ECJ Press Release (42/05), 12 May 2005
Case C-347/03 - Regione Autonoma Friuli-Venezia Giulia and ERSA v. Ministero delle Politiche Agricole e Forestali
THE PROHIBITION ON USING THE NAME ‘TOCAI' FOR CERTAIN ITALIAN WINES, ARISING FROM AN AGREEMENT BETWEEN THE EUROPEAN COMMUNITY AND THE REPUBLIC OF HUNGARY , IS VALID AS REGARDS THE ASPECTS EXAMINED BY THE COURT
The rules governing homonyms in the international agreements examined do not require that, given the Hungarian geographical indication ‘Tokaj', the name of the Italian vine variety ‘Tocai friulano' should be allowed to continue to be used for the description and presentation of certain Italian wines
‘Tocai friulano' or ‘Tocai italico' is a vine variety traditionally grown in the region of Friuli- Venezia Giulia (Italy) and used in the production of white wines marketed inter alia under geographical indications such as ‘Collio' or ‘Collio goriziano'. In 1993, the European Community and the Republic of Hungary concluded an agreement on the reciprocal protection and control of wine names. In order to protect the Hungarian geographical indication ‘Tokaj', the agreement prohibited the use of the term ‘Tocai' to describe the abovementioned Italian wines at the end of a transitional period expiring on 31 March 2007 .
In 2002, the autonomous region of Friuli-Venezia Giulia and the regional agency for rural development asked the Tribunal amministrativo regionale del Lazio ( Lazio Regional Administrative Court ) to annul the national legislation implementing the prohibition provided for by the agreement. In that context, the Italian court made a reference to the Court of Justice of the European Communities for a preliminary ruling.
The Court notes, first, that, on the date on which the EC-Hungary Agreement on wines was concluded, the names ‘Tocai friulano' and ‘Tocai italico' did not constitute a geographical indication within the meaning of the EC-Hungary Agreement on wines, but the name of a vine variety recognised in Italy. Thus, unlike the Hungarian name ‘Tokaj', mentioned in the Annex to that agreement listing the geographical indications for wines originating in the Republic of Hungary, the terms ‘Tocai friulano' and ‘Tocai italico' were not mentioned in the Annex to that agreement listing the geographical indications for wines originating in the Community. The Court rules that the contested prohibition complies with the rules on homonyms laid down by the agreement since those rules presuppose the existence of two geographical indications.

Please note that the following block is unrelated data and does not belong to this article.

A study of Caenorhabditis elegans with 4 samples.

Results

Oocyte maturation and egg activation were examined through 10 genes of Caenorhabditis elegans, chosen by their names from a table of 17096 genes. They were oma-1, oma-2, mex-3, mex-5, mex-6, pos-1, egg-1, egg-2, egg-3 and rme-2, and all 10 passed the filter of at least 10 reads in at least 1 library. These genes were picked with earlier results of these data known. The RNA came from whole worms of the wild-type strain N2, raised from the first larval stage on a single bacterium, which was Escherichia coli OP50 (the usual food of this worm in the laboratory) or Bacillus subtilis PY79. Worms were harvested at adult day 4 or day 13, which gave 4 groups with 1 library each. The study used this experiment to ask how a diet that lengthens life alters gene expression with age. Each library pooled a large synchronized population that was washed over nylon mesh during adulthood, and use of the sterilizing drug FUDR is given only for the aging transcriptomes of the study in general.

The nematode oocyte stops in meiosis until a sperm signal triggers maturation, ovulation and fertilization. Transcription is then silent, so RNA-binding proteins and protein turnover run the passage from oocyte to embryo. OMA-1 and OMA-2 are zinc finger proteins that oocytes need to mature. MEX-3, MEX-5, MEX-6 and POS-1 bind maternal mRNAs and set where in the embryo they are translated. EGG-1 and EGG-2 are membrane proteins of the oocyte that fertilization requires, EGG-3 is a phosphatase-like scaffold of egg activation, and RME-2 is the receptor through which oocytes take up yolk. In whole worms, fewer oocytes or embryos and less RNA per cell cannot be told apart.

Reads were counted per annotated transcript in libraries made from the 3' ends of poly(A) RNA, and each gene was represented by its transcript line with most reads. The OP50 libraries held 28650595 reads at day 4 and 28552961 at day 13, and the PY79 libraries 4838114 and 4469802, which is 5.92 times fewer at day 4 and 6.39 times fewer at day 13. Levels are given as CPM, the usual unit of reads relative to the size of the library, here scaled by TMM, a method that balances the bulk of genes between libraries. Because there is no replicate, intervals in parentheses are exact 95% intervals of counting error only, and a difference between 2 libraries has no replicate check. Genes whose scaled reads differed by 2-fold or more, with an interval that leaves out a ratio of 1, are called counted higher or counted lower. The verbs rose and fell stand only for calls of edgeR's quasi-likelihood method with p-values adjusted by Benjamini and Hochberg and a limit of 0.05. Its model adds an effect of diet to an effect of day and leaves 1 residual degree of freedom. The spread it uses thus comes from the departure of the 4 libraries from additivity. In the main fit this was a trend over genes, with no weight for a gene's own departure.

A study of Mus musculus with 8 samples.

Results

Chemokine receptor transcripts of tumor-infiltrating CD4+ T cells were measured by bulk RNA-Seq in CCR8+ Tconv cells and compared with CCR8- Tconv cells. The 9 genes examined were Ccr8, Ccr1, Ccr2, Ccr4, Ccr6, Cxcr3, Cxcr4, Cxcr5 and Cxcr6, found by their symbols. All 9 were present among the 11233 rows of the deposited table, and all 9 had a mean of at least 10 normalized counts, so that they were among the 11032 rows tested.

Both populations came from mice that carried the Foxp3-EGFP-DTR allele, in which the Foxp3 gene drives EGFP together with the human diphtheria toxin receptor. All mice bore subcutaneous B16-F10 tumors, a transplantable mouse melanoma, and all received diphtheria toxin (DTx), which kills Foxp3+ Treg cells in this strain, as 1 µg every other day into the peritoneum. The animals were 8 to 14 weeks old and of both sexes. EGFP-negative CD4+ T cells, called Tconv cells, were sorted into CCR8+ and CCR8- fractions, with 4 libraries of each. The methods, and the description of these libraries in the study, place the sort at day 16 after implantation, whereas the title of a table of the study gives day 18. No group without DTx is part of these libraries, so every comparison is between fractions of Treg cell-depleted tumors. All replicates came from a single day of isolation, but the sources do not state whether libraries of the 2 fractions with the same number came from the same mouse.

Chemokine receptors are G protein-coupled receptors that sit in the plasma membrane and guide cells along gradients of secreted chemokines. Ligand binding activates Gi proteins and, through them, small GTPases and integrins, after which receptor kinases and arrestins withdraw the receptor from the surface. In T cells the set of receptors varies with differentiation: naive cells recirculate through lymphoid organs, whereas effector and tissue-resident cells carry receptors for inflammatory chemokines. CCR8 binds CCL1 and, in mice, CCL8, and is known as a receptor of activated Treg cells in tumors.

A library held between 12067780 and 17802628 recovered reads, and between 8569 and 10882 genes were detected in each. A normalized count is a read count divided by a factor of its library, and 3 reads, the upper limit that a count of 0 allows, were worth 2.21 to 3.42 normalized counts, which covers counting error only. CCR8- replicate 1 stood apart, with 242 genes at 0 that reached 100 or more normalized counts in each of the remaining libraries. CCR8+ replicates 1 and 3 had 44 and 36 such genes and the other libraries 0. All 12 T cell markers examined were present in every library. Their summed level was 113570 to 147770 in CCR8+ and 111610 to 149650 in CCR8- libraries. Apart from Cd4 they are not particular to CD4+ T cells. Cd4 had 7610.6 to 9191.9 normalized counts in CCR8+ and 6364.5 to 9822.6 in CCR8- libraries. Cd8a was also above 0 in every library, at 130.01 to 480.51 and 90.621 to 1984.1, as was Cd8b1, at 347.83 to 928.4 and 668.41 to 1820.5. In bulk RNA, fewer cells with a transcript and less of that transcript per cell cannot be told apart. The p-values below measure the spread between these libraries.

The Court then points out that in the case of homonymity between a geographical indication of a third country and a name incorporating the name of a vine variety used for the description and presentation of certain Community wines, the provisions on homonyms contained in the Agreement on Trade-Related Aspects of Intellectual Property (the TRIPs Agreement)1 do not require that the name of a vine variety used for the description of Community wines be allowed to continue to be used in the future.
Finally, the Court holds that, since it does not exclude any reasonable method of marketing the Italian wines concerned, the prohibition does not constitute deprivation of possessions for the purposes of the European Convention on Human Rights.2 Consequently, the lack of compensation for the winegrowers concerned is not in itself a circumstance demonstrating incompatibility between the prohibition and the right to property.
In addition, even if that prohibition constitutes control of the use of property as referred to in the European Convention on Human Rights,3 the interference which it involves may be justified. In that regard, the Court observes that the objective of the prohibition is to reconcile the need to provide consumers with clear and accurate information on products with the need to protect producers on their territory against distortions of competition. The prohibition therefore pursues a legitimate aim of general interest. The Court rules that the prohibition is also proportionate to that aim, given, inter alia, that a transitional period of thirteen years was provided for and that alternative terms are available to replace the names ‘Tocai friulano' and ‘Tocai italico'.
Consequently, the Court rejects the objections raised as to the validity of the prohibition, arising from the EC-Hungary Agreement, on using the name ‘Tocai' in Italy after 31 March 2007.